United Grain Builds North America's Tallest Slip-form Silo Structure

Vancouver, Wash., grain storage facilities rise to new heights.

A new United Grain silo complex reaching levels of 300 feet high will become the tallest slip form structures in North America, according to Port of Vancouver, Wash., authorities.

The 20-story structures reflect the importance of grain storage on the Willamette, Columbia rivers system, and is a new achievement for United Grain, which will operate the silos.

In a more than $70 aillion United Grain expenditure to expand facilities, the silos are part of a new skyline for Vancouver which plans to build two dozen silos in the near future.

When the project now underway is completed in fall, 2012, United anticipates adding 60,000 tons of grain capacity to the port area. That could up port grain exports from Vancouver by more than 50%, report company officials.

At the same time, new track at the port is expected to reduce shipping and handling time, which could mean lower costs for producers sending their grain to Vancouver.

When complete in 2017, the rail modification is expected to reduce congestion at the port by as much as 40%, report facility officials.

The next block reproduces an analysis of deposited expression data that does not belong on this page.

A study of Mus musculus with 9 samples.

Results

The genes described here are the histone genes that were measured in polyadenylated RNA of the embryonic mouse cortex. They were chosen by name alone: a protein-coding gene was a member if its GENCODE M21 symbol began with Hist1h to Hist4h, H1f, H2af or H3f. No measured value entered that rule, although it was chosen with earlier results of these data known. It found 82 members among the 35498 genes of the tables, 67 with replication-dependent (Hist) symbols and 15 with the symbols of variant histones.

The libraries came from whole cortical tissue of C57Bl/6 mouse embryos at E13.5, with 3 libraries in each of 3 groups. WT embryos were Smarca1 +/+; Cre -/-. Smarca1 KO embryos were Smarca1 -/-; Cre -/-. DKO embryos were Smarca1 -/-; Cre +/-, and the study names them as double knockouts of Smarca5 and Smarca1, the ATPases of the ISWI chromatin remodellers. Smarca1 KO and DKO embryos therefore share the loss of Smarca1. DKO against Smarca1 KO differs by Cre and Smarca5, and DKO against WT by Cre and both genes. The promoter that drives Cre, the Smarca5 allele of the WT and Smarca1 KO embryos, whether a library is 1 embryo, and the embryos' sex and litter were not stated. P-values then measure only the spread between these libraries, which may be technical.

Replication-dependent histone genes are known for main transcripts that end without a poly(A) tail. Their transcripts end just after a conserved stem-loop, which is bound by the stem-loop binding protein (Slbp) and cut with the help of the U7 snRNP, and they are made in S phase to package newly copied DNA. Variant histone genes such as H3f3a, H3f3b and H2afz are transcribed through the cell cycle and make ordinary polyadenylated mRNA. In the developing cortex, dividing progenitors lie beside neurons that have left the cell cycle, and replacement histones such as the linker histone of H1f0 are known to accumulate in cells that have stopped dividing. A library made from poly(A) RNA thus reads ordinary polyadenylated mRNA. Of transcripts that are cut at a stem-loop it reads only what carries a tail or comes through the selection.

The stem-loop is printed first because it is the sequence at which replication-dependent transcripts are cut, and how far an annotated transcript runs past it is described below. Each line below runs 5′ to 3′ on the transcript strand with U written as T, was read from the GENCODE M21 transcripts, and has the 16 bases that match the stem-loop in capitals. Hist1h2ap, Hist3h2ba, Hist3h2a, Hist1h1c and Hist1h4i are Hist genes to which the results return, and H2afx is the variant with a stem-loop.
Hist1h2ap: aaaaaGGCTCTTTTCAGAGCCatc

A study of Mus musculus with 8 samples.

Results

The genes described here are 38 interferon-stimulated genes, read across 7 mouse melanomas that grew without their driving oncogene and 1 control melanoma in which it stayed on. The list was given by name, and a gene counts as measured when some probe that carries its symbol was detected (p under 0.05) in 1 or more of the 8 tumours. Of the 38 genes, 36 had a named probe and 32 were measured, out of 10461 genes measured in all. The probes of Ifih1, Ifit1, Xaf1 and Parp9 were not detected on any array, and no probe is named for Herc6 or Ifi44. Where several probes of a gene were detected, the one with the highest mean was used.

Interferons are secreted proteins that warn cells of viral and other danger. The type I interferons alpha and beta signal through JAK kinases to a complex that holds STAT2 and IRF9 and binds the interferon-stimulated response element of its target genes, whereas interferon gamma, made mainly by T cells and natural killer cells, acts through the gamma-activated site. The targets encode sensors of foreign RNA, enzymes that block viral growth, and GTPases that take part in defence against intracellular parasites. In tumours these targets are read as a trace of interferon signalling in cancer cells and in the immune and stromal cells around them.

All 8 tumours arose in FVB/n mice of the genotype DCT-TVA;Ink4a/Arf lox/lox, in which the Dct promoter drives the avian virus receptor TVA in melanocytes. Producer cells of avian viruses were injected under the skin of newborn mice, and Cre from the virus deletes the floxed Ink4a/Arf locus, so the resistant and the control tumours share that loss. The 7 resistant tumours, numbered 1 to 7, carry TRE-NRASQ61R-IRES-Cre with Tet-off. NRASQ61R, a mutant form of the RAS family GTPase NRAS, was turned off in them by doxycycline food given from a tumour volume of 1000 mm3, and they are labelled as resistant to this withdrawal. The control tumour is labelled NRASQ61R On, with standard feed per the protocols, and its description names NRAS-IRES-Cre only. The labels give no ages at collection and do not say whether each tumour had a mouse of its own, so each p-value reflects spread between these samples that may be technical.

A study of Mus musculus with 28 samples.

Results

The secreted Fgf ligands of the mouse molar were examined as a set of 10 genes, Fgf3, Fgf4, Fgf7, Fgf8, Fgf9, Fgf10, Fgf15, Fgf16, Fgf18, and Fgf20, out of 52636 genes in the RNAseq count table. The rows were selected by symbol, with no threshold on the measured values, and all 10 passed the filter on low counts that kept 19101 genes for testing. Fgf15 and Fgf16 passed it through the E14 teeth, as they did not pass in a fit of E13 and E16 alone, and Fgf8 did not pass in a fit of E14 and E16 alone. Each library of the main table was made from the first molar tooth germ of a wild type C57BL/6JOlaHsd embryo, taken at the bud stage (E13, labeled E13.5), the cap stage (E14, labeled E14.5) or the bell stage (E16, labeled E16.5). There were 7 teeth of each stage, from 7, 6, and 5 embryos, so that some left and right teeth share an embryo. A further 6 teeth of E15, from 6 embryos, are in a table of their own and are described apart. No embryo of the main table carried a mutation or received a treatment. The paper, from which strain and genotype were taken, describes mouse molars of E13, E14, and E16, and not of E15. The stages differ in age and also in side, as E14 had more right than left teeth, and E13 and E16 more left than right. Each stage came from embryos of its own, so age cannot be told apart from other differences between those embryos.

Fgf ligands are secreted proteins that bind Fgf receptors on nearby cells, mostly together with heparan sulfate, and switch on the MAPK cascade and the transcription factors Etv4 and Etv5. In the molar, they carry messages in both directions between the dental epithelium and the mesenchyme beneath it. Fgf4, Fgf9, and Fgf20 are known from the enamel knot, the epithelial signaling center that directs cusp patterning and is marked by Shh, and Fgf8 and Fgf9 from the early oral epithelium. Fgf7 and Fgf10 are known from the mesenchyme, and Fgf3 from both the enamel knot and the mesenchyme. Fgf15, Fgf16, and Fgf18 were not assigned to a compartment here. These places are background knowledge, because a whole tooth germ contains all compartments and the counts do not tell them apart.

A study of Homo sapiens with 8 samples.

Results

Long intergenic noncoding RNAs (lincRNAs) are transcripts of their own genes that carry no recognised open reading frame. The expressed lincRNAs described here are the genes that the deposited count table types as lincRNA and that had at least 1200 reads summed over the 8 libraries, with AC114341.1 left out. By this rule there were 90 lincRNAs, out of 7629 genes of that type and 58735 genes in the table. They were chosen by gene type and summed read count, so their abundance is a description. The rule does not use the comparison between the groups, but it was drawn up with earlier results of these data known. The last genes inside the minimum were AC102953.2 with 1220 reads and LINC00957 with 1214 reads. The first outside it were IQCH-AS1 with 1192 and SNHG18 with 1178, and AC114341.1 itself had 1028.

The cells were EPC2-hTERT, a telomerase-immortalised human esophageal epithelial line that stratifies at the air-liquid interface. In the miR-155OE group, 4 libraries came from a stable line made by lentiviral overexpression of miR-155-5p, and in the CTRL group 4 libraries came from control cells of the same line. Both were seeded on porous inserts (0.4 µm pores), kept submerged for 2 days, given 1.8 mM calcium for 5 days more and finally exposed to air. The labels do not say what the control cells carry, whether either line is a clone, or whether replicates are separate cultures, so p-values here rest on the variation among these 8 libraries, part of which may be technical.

Structures were removed in order to provide space for United's new silos, and the storage facility construction began earlier this year.

Most of the crops handled by the new silos will be soybeans and corn. At completion, an additional 2 million tons of grain will be moving through the port, doubling the current grain export capacity.

"The surplus and demolition of these buildings is the first step in a $72 million project that we hope to complete over the next several years," reports Tony Flagg, United Grain president.

Because the shipping channel depth was increased by three feet in recent years, about 7,200 tons of additional grain can be loaded on vessels calling at the port. The ability to accommodate larger ships carrying heavier cargo loads makes the port and U.S. farmers who ship their grain through the port more competitive in the global marketplace, he adds.